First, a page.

I love the neither-here-nor-thereness of travel. Pack the car. Slam shut the trunk. Get on the road. Faced with foreign terrain you often have to invent new words to describe unfamiliar feelings and ideas, words to suit the unpacking you’re doing every day. Portmanteaux.
Spinifexcess: the state of native prickliness one feels when hit with an overweight baggage charge.
I was having a bumpy ride when I found this dress at a shop on Sydney Road years ago. I was overloaded with passion and grief, and the dress seemed so simple and smart, so stewardess-practical—exactly the sort of thing I’d never usually wear. So I bought it.
It’s decorated with a beautiful appliqué of olive and cream flowers, but is otherwise quite plain. However, the cool linen clings tightly around the hips like a seatbelt and makes you feel like you’re in a jeep, in the wild, on safari. A secret hunter.
Wow-ow: an awe and admiration so hefty it hurts, as for someone you love from afar and can’t have.
My early twenties. Speeding along, desperate to arrive at a place that felt right. I wore this dress to an interview for a job that might have given me a lift. I didn’t end up getting it, but just being in that office was exhilarating. When someone lets you in to a place that feels right, however fleetingly, of course you’re going to go home and dream every night about going back there.
Broochatter: the conversations you pin all your hopes on.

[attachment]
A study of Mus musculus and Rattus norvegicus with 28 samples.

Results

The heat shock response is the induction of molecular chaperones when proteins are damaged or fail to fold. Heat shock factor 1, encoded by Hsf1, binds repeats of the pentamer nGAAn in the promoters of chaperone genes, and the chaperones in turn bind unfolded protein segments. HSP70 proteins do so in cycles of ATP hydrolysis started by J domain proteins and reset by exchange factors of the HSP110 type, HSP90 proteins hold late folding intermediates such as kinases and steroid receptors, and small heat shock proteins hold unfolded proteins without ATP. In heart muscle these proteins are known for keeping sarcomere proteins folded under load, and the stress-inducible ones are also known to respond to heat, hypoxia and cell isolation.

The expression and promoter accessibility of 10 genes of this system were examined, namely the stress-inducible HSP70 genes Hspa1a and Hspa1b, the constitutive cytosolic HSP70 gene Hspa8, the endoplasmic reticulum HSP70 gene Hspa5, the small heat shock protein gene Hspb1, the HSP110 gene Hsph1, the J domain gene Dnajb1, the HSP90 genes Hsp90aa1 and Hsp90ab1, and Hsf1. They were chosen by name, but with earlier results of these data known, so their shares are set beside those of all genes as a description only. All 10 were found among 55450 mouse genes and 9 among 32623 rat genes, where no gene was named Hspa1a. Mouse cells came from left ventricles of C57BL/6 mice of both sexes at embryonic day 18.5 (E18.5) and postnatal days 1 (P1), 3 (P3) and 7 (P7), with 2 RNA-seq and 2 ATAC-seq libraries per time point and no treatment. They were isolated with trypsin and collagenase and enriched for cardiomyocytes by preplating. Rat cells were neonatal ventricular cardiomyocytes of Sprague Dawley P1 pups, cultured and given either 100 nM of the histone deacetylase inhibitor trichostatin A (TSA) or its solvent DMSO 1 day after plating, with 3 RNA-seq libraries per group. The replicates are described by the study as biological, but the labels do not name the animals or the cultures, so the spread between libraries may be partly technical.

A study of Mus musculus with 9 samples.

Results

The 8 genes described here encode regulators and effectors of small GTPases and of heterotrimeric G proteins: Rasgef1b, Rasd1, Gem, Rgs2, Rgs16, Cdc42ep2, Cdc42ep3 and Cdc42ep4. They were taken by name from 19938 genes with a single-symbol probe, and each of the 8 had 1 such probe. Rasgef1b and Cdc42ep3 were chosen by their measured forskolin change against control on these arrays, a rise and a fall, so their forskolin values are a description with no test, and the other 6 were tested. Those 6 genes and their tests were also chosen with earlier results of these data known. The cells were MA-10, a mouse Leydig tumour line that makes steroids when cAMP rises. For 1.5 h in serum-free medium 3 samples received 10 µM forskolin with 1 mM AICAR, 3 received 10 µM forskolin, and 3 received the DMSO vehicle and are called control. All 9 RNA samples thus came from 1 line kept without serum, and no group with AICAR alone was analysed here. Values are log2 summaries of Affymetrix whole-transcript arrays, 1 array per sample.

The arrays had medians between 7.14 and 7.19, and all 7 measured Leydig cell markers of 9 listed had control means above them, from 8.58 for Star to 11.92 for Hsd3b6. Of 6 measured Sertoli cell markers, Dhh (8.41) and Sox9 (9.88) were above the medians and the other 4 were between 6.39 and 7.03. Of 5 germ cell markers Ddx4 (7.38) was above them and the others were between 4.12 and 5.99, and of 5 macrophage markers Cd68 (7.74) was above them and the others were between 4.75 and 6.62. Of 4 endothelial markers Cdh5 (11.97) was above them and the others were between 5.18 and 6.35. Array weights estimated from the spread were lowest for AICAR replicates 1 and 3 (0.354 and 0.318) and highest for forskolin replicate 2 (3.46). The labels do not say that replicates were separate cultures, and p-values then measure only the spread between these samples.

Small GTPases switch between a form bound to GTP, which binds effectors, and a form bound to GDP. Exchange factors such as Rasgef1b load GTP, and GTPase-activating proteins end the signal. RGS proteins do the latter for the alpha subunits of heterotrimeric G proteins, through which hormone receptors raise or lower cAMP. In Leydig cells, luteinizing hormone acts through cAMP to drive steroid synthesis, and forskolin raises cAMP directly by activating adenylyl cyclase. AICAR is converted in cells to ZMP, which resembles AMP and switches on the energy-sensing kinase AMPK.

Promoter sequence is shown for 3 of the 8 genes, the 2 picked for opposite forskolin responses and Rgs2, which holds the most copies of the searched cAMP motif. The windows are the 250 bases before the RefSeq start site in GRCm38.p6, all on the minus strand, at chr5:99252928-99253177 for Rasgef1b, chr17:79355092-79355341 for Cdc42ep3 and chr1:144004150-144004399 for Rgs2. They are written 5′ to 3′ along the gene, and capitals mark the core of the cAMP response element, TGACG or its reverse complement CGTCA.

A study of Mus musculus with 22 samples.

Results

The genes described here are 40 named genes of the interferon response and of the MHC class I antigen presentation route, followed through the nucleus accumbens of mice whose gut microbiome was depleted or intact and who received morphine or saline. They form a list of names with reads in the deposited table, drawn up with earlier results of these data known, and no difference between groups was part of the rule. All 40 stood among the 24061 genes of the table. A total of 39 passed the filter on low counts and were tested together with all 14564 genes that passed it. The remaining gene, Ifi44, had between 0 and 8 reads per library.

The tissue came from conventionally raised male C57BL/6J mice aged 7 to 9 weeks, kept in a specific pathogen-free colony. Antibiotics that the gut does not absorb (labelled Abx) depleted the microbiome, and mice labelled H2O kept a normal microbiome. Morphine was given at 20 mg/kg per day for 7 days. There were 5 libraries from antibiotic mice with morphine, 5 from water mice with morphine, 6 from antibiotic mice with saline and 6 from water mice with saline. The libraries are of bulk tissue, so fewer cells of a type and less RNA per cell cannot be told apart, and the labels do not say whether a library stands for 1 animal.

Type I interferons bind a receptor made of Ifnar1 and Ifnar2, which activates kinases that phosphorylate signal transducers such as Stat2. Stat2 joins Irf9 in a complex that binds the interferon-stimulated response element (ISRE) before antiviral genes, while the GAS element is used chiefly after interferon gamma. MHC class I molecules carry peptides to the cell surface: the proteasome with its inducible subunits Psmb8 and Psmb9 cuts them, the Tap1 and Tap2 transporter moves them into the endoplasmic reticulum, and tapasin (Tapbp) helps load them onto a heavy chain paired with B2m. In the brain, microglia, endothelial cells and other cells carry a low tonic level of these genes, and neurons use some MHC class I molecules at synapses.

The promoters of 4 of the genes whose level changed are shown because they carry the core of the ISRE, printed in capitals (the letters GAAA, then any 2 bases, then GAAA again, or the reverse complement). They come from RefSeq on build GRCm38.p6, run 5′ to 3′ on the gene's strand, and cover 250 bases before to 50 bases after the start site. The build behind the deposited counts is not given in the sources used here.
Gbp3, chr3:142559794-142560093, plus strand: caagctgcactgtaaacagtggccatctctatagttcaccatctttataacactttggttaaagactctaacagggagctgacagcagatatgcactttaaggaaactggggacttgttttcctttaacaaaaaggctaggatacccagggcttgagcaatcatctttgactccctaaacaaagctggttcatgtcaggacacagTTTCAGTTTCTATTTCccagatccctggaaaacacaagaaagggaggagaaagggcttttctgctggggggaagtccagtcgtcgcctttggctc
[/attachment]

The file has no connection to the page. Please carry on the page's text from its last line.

Many years later, when I was finally in a place I’d been trying so hard to get to, I threw this dress into a tub to soak and settled down to read Madame Bovary in the backyard. As the protagonist sank further into despair the dress remained crumpled in the tub, and when I remembered to pull it out a week later I was aghast. By then, Emma Bovary was dead and the dress was ruined: the buttons had rusted and the fabric splattered with permanent metallic stains.
Distraught, I banished the dress from my life. What a mess I’d made of everything. I couldn’t bear to look at it anymore, let alone wear it. I hid it at the top of a cupboard and tried to move forward. Hope drove me.
Emoticoncubine: a mistress who represents her lover’s current mood in a passively cute but meaningless way; an inadequate stand-in for a real feeling.
Earlier this year I pulled the dress out again. The stains that had been so devastating at the time turned out to be just tiny russet patches—barely noticeable at all. I can’t believe I ever thought they were such a big deal.